Crusader Against Mountaintop Mining Memorialized
Anti-mountaintop-mining activist Judy Bonds did not quite live to see the Environmental Protection Agency (EPA) revoke a mountaintop-mining permit in her native West Virginia. This environmentalist at the forefront of the fight against such methods died of cancer on Jan. 3 at age 58.
A Native American blessing was among the many tributes, stories and music that poured forth at a memorial service for Appalachian Julia “Judy” Bonds attended by hundreds, The Register-Herald newspaper of Beckley, W.Va., reported.
Bonds brought international attention to the practice of mountaintop mining, in which a mountaintop is denuded and stripped to expose the coal seams beneath for extraction, and the detritus piled back on in a facsimile of the mountain’s original shape. Any leftover material is deposited in surrounding valleys, choking streams.
The EPA revoked permits for Arch Coal Inc.’s Spruce Mine No. 1 on Jan. 13, although other such mining operations are still up and running.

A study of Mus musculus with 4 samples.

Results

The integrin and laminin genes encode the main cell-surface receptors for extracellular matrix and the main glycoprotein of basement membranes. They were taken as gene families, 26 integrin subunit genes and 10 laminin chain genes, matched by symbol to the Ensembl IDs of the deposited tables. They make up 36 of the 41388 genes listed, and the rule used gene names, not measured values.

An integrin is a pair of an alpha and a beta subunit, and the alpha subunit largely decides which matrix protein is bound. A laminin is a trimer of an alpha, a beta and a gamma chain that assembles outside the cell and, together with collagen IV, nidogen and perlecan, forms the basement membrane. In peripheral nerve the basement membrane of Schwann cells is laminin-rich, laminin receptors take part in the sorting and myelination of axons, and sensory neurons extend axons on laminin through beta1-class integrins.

Bonds herself was famously inspired to act when she found her then six-year-old grandson scooping up fistfuls of dead fish in 1996 and asking what was wrong with them, The New York Times and other media outlets recounted. She started investigating and learned the fish had been poisoned by mining debris from the mountains above her home, the Times reported. When her grandson turned seven and started planning an escape route in case of mining disaster, enough was enough. An activist was born.
Bonds won the prestigious, $150,000 Goldman Environmental Prize in 2003 for being a grass-roots environmental hero, as the foundation put it at the time. The Coal River Mountain Watch, which she had co-directed since 2007, issued a statement that outlined her contributions and her heroism.
“She endured physical assault, verbal abuse, and death threats because she stood up for justice for her community,” said Coal River Mountain Watch co-director Vernon Haltom, who held that job in tandem with Bonds. “I never met a more courageous person, one who faced her own death and spoke about it with the same voice as if it were a scheduled trip.”